People with social anxiety disorder (or social phobia) are extremely anxious about what they will say or do in front of other people. This includes public speaking and day-to-day social situations. But it is more than just being shy or nervous before public speaking. The fear can begin weeks or months before an event. It can cause a fast heartbeat and make it hard to focus.

Some people fear only one or a few types of social situations. For other people, many situations cause stress. This problem affects your daily life. You may be so stressed or afraid that you avoid public situations, including missing work and school.

Doctors don't know what causes social anxiety disorder. They think it may run in families. But they are not sure if it's because of genetics or a response to a traumatic situation.

Social anxiety disorder causes both emotional and physical symptoms:

  • It can make you nervous, sad, or easily upset before or during a social event. You may worry a lot or be afraid that something bad will happen.
  • The anxiety can cause you to blush, sweat, and feel shaky. Your heart may beat faster than normal, and you may have a hard time focusing.

To diagnose social anxiety disorder, your doctor will examine you and ask about your symptoms. He or she may ask other questions to see how you are doing emotionally. This is called a mental health assessment.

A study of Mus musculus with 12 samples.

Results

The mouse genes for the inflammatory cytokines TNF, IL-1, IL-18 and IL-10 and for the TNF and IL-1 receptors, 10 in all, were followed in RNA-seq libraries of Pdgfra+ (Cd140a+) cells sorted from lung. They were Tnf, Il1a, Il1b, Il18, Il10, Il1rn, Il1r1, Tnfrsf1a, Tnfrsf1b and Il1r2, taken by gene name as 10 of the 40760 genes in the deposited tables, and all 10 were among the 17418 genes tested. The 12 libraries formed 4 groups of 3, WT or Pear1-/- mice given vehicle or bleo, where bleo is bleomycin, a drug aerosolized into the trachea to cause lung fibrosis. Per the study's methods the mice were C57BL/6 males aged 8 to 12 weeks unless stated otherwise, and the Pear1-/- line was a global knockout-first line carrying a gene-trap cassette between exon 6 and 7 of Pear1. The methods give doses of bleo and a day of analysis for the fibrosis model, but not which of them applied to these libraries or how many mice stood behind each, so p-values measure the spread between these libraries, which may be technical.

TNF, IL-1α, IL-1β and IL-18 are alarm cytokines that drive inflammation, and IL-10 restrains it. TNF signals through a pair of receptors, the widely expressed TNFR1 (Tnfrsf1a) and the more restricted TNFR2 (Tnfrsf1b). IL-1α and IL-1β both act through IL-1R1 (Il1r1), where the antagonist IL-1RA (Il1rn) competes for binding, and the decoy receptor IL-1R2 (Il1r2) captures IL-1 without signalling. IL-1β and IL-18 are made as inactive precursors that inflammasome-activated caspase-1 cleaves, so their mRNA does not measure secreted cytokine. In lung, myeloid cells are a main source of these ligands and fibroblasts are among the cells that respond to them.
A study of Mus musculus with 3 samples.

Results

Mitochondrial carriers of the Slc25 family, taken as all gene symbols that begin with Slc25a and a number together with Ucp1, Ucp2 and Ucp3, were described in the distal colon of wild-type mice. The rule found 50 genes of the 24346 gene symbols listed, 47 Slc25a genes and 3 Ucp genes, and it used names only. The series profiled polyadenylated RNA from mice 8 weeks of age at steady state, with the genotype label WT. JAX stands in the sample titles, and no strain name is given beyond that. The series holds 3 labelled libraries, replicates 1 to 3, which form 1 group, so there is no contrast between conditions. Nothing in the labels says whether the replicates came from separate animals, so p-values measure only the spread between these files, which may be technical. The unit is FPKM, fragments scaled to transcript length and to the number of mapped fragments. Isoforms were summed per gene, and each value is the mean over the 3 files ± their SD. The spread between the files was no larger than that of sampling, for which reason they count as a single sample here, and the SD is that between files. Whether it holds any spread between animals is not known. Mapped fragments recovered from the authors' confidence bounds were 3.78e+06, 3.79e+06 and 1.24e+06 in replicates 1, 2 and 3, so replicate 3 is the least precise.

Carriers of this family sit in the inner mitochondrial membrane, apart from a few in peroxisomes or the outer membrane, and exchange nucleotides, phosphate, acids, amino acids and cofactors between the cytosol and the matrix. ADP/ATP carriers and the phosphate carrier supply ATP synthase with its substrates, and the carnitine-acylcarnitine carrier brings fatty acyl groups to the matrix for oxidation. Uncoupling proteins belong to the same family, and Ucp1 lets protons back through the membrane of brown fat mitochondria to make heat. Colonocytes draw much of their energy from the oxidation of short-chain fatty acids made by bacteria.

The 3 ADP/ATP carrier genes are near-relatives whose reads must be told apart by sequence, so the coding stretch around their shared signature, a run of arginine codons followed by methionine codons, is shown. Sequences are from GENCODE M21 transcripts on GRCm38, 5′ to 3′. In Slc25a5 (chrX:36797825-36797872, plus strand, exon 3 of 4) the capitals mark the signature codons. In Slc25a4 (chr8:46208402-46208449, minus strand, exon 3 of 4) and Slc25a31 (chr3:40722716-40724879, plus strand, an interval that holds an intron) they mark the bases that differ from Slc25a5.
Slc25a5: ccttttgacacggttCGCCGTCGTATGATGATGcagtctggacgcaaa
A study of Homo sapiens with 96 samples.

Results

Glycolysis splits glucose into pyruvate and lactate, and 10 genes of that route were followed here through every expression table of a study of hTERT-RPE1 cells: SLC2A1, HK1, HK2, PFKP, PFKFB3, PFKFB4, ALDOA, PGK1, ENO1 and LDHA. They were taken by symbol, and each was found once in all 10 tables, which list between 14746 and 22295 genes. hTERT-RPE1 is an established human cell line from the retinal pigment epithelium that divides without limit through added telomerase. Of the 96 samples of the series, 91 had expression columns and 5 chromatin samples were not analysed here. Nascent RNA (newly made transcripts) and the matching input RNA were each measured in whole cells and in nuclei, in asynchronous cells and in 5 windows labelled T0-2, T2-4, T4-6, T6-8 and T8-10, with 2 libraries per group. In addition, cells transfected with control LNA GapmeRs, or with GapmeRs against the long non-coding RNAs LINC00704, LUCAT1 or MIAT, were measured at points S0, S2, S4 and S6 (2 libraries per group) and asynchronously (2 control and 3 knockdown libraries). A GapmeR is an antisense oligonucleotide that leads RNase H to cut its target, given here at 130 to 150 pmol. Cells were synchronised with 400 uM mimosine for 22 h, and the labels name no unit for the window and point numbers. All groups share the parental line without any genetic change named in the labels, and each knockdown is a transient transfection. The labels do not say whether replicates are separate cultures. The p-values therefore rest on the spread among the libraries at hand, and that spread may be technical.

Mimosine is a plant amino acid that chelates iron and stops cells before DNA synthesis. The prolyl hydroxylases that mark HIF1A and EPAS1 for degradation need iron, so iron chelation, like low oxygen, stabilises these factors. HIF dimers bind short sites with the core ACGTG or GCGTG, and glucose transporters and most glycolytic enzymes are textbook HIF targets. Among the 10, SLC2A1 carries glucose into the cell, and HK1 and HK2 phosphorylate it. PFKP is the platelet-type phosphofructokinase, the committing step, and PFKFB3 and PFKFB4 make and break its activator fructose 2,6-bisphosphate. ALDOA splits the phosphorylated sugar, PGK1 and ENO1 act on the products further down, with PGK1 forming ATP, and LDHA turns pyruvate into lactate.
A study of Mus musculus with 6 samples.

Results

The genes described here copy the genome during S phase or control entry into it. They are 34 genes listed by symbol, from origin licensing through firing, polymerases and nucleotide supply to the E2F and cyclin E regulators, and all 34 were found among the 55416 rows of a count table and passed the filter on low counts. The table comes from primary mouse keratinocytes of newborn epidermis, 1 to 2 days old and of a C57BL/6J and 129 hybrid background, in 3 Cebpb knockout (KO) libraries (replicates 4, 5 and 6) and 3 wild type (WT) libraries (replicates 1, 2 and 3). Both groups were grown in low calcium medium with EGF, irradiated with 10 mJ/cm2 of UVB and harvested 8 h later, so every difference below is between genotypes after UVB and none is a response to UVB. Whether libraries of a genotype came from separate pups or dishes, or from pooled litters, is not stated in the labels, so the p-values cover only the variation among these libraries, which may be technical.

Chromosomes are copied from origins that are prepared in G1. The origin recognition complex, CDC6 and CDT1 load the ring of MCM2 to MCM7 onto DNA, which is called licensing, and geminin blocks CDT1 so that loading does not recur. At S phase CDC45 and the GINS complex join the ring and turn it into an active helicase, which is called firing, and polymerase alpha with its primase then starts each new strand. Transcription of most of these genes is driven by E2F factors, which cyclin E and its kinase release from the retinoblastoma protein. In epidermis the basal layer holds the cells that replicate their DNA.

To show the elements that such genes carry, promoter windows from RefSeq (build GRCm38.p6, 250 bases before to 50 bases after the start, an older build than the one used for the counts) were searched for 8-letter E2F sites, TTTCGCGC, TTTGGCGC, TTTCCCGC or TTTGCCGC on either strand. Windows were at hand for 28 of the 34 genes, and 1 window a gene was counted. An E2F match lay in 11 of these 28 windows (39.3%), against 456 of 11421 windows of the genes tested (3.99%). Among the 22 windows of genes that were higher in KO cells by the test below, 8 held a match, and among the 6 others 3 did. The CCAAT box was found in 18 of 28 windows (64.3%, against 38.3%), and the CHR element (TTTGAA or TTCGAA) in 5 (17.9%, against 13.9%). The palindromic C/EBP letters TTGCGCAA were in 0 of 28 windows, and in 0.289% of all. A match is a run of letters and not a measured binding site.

Your doctor may also do blood or urine tests to rule out other conditions, such as thyroid problems that can cause similar symptoms.

Treatment of social anxiety disorder includes counseling and sometimes medicine, such as antidepressants. Whether you need medicine depends on how much the problem affects your daily life. If you already feel anxious around other people, it may be hard to ask for help. But treatment for social anxiety disorder works for many people.

Some people with social anxiety disorder turn to alcohol or drugs to help them relax. This can lead to addiction problems. They may also have depression. It is important to treat these issues too.

Learning about social anxiety disorder:

Being diagnosed:

Getting treatment:

Ongoing concerns:


Last Updated: July 11, 2011
This information is not intended to replace the advice of a doctor. Healthwise disclaims any liability for the decisions you make based on this information.